Our education system is beholden to high stakes standardized national examinations, which demands unthinking regurgitation and diminishes critical thinking and analytical reasoning.
A majority of the students who excel in the Kenya Certificate of Primary Education (KCPE) and Kenya certificate of Secondary Education (KSCE) are skillful at what to think, not how to think. This is consistent with the dominant colonial logic of producing the ideal African minion, subservient to settler authority. Africans were to do as told, not to think.
Our education system does best what it is designed to do; produce huge numbers of unsophisticated literate citizens. However, what continues to baffle me is that the colonial desire to produce an unthinking, subservient underclass was not any different from what the African elite, the heirs to the colonists, imagined of the post-colonial society. Successive governments have demanded unquestioning allegiance, total dependence on the benevolence of the state and mindless convergence around a flawed vision of society as authored by the political class. This explains why this rather problematic way we educate our children has been very durable.
I have argued in this column many times that the high stakes national exams is based on a curriculum and approach of pedagogy that demands nothing of the capacity of our children to think or imagine or play or reason or create or innovate. From the first day they show up in school thinking is outlawed; our children are taught to accept everything, without question, on the authority of the teacher and the content of the curriculum.
Our schools have become grade factories. Tyrannized by parents and school head teachers who demand high mean grades, teachers have little time to stimulate and engage the boundless capacity of children to play, wonder and co-create knowledge.
The high stakes standardized national examinations have also served another purpose; a basis for allocating scarce resources of secondary and tertiary education. It is shameful that a majority of the best-resourced schools are the so-called national schools that were built by the colonial administration. It is unconscionable that over half a century after independence, our children still do not have equitable access to high quality secondary schools.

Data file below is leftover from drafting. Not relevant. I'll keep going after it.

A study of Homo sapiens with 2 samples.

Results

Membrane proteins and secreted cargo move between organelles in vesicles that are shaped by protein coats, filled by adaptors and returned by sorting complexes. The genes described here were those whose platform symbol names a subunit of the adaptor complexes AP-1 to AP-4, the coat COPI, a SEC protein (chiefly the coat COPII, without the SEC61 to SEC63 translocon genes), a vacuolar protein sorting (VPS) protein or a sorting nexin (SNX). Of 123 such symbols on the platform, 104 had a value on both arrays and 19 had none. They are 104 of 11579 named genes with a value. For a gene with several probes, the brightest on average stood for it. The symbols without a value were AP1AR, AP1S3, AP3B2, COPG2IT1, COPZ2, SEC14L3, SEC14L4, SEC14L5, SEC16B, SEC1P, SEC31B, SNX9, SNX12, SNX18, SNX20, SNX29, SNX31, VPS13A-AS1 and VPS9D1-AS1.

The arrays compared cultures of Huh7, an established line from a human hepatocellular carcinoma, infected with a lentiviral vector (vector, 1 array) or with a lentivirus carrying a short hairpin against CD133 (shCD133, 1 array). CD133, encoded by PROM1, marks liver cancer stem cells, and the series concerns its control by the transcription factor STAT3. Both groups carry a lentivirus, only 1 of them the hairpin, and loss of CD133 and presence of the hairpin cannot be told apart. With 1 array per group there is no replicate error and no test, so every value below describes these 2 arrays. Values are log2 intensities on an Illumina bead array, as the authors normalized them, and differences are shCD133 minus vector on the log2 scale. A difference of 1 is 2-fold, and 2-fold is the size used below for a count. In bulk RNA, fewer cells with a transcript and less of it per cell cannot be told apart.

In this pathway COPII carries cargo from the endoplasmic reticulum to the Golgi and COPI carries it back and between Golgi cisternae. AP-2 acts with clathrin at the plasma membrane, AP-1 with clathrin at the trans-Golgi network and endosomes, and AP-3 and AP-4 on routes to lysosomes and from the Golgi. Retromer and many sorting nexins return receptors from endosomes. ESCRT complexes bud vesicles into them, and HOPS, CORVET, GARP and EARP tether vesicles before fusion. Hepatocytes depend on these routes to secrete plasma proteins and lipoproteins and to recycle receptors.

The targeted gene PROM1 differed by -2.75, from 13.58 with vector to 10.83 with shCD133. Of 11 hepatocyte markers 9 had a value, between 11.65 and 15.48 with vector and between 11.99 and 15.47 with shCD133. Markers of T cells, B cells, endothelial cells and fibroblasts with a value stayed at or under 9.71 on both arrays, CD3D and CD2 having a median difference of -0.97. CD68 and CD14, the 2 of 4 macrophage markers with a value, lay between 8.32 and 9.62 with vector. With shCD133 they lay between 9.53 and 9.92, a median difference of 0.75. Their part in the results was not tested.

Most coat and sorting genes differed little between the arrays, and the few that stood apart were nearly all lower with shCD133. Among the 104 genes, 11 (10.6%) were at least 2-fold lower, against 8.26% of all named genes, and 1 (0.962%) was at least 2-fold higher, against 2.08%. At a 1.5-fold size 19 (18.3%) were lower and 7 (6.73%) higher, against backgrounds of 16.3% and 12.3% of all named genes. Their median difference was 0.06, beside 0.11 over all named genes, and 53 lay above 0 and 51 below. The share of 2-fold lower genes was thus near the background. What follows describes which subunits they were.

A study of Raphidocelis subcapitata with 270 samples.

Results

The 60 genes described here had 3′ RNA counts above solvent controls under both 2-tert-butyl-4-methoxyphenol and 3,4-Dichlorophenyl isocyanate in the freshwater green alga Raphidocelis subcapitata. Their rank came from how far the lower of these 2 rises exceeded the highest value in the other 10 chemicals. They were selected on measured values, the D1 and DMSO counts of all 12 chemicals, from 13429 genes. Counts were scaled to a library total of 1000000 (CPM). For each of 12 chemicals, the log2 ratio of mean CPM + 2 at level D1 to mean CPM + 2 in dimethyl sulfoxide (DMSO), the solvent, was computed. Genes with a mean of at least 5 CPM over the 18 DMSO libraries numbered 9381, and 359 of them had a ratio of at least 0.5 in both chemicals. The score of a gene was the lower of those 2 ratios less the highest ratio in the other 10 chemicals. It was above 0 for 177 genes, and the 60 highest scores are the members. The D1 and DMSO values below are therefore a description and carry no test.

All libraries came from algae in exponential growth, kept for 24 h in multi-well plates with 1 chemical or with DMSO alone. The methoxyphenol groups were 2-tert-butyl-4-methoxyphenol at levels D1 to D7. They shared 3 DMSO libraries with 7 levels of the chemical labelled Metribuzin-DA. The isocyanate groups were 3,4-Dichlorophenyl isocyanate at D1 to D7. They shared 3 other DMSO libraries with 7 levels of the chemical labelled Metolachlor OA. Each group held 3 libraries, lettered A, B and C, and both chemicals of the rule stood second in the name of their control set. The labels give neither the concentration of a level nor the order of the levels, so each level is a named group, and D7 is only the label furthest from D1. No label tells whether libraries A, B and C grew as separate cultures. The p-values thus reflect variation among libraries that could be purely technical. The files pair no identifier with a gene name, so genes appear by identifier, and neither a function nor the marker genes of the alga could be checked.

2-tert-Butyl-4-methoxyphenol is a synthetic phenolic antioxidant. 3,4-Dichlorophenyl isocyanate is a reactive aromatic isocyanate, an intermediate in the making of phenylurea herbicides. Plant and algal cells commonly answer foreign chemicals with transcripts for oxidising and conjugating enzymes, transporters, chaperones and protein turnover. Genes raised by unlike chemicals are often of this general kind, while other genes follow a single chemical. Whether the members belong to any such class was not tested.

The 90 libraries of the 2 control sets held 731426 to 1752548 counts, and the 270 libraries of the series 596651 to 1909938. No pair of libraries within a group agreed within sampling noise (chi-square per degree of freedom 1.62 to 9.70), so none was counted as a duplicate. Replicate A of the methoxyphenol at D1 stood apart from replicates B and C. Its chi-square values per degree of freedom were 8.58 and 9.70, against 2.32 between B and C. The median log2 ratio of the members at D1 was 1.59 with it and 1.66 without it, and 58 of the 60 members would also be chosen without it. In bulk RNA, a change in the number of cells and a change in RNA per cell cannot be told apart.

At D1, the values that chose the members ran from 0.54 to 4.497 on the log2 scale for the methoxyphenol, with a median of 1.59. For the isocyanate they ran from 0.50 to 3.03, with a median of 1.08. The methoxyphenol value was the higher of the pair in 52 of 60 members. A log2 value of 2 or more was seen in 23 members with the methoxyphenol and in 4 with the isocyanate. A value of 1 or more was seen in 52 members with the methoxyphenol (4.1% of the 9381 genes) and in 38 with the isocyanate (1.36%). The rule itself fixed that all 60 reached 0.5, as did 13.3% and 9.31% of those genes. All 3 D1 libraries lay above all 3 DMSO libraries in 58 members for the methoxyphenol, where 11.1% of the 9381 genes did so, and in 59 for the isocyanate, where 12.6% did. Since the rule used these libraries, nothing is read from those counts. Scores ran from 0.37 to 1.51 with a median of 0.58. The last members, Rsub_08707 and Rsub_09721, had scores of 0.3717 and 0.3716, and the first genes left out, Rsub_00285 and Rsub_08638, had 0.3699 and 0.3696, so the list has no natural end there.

I am heartened that the debate on whether to abolish or keep high stakes national examinations is back on the table. In my view we must abolish KCPE over the next 2 -5 years, and with it, the colonial relic of elite national schools. We must level the playing field in education, ramp up investments in education and empower counties to manage education resources. The national government and the county governments must work out a model of conditional transfer of education grants, based on enrollment, retention, completion and student achievement. Moreover, we must define minimum standards for our schools – physical facilities, teacher-student ratio, and learning materials – that define a school anywhere in the republic of Kenya.
We teach our children too much stuff at the expense of developing critical capacity in key areas of knowledge, skills and attitudes. It is time to pare down the primary school curriculum and scrap KCPE. We must define a small set of core competences in reading, writing, math, teamwork, critical thinking and analytical reasoning, against which teachers, parents and students are held accountable to. Transition from primary to high school should be based on progressive, multiple and dynamic assessments on achievement on the core competences done at the school level, by students and teachers, and not a national examining body.
In a competitive globalized knowledge economy, a high school education must be the birthright of every Kenyan child. Every child must be guaranteed the inalienable right to high quality education in any school, public or private. We must define basic education as 12 years of school, from grade 1 to grade 12, in addition to pre-school years. Transition to high school must not be based on meaningless high stakes exams. Such a system only serves to exacerbate inequality and undermines shared economic progress.
Half a century of an education system that stifles thinking is enough. It is time to end the exam-centric system of education, which undervalues critical thinking, analytical reasoning, and knowledge application, but privileges mindless regurgitation of undigested facts.
Kenya needs not unthinking technicians and minions. To be relevant and competitive in the 21st century, Kenya needs to nurture a new generation of thoughtful, creative and innovative knowledge workers.